Q1 GDP was revised up slightly to +0.8%. “After a sluggish performance in the first quarter, the U.S. economy is getting back on track,” said Sara Johnson, senior research director at IHS Global Insight. Reuters noted that “a sharp upward revision to income growth and a rebound in corporate profits in the first quarter brightened the picture.” The news prompted Chris Rupkey, chief economist at MUFG Union Bank in New York, to advise that “this gives us more confidence that growth will hit its marks in the second quarter … enough forward speed for the Fed to continue with its gradual pace of rate hikes.”
Consumer sentiment increased in May to the highest level in a year, according to the preliminary data for the The University of Michigan’s index. “The increase could drive greater economic growth, as a more optimistic consumer is typically more likely to spend,” AP noted.
Fed Chair Janet Yellen on Friday said that “it’s appropriate — and I’ve said this in the past — for the Fed to gradually and cautiously increase our overnight interest rate over time.” Speaking on Monday, St. Louis Fed President James Bullard said that “my sense is that markets are well-prepared for a possible rate increase globally.”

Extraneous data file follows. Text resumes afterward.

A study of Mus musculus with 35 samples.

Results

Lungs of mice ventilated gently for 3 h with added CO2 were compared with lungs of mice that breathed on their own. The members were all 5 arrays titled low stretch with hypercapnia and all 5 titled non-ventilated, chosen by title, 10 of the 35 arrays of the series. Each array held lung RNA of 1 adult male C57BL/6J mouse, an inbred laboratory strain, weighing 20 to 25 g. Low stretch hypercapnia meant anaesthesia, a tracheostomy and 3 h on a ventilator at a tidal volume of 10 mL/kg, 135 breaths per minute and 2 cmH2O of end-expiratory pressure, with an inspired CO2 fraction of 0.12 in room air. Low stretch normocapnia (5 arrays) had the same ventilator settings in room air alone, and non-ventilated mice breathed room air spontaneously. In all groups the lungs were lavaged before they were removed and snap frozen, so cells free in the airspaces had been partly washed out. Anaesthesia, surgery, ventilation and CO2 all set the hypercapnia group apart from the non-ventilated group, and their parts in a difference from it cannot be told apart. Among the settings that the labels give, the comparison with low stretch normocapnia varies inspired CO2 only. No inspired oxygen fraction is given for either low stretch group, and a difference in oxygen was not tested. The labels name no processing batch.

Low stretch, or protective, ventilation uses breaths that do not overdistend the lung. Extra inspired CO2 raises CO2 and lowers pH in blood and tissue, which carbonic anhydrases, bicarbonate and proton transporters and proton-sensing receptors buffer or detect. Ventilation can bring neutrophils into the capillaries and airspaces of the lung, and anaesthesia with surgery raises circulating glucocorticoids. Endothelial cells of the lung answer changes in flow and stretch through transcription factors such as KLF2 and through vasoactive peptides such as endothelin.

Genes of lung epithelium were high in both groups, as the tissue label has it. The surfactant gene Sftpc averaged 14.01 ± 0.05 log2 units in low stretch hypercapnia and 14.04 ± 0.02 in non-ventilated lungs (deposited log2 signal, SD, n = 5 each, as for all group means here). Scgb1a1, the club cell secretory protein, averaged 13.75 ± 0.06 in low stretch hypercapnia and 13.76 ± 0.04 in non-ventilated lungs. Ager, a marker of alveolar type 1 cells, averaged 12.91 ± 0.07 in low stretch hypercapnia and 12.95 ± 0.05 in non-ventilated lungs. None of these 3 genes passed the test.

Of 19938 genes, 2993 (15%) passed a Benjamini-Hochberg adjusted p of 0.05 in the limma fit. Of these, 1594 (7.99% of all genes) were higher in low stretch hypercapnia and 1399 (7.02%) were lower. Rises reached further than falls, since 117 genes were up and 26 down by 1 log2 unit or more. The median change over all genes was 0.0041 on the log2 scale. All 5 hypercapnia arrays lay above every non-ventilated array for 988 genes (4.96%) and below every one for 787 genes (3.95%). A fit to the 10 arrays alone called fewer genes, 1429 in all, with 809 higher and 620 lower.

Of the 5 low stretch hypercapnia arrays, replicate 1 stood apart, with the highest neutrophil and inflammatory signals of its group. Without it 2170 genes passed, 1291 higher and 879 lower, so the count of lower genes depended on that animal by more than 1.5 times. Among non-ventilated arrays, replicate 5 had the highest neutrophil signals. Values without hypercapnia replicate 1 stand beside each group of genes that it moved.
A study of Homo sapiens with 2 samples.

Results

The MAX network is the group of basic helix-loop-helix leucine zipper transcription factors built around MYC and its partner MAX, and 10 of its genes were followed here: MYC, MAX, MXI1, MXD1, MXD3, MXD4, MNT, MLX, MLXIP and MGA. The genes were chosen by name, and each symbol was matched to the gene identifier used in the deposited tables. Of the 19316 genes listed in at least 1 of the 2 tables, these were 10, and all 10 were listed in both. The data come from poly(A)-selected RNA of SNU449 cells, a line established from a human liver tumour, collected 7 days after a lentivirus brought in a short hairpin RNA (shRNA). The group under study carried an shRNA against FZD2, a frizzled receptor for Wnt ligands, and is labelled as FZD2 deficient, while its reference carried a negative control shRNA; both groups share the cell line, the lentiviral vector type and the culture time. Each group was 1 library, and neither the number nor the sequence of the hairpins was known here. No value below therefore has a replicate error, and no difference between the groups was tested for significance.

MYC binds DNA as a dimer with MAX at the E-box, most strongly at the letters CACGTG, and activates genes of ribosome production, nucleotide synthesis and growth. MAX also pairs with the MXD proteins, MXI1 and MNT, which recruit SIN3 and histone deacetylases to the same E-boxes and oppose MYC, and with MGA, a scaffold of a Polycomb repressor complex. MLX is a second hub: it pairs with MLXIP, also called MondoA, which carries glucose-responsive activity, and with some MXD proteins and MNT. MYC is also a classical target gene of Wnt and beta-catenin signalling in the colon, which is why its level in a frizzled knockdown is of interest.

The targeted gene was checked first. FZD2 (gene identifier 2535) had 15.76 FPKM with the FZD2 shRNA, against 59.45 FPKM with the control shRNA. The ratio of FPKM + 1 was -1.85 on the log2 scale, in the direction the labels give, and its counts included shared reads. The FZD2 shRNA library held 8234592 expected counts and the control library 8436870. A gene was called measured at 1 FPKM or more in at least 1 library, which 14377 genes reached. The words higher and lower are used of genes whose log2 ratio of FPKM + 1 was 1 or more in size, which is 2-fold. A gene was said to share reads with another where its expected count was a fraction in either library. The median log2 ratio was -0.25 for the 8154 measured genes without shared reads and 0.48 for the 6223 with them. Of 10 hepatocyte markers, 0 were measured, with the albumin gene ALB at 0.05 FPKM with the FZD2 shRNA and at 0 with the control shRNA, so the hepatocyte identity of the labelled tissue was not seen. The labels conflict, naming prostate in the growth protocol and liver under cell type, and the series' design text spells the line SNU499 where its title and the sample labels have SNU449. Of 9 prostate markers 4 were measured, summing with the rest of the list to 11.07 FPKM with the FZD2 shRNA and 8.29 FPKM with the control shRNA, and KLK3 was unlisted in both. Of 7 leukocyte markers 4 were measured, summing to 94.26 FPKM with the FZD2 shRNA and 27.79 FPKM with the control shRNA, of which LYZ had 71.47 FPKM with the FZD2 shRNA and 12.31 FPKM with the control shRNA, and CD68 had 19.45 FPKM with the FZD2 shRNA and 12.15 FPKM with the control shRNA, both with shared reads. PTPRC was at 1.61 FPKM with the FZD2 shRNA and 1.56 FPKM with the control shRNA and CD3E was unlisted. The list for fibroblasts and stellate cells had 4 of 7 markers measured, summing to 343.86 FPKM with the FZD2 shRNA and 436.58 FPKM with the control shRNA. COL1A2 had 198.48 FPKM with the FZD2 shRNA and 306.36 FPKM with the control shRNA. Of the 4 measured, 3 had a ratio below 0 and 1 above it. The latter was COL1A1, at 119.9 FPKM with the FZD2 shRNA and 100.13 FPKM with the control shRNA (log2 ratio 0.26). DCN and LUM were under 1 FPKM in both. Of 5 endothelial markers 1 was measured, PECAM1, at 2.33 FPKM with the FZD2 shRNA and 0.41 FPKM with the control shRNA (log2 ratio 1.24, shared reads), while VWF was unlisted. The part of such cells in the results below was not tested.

Looking ahead to this Friday’s official US employment report for May, Otto Waser, chief investment officer of R&A Group Research & Asset Management, said that “the payroll data is probably the key figure that will shape the Fed decision.”
Larry Summers, former Treasury secretary and onetime economic adviser to President Obama, told the New York Times last week that “the odds are better than 50-50 that we will have a recession within the next few years.”
Consumer inflation in the Eurozone fell in May, marking the fourth month in a row that inflation has been flat or negative in the month-over-month comparison, Eurostat reported. Meantime, German unemployment fell to a record low in May. Note, however, that retail spending in Germany fell for a second month in a row in April.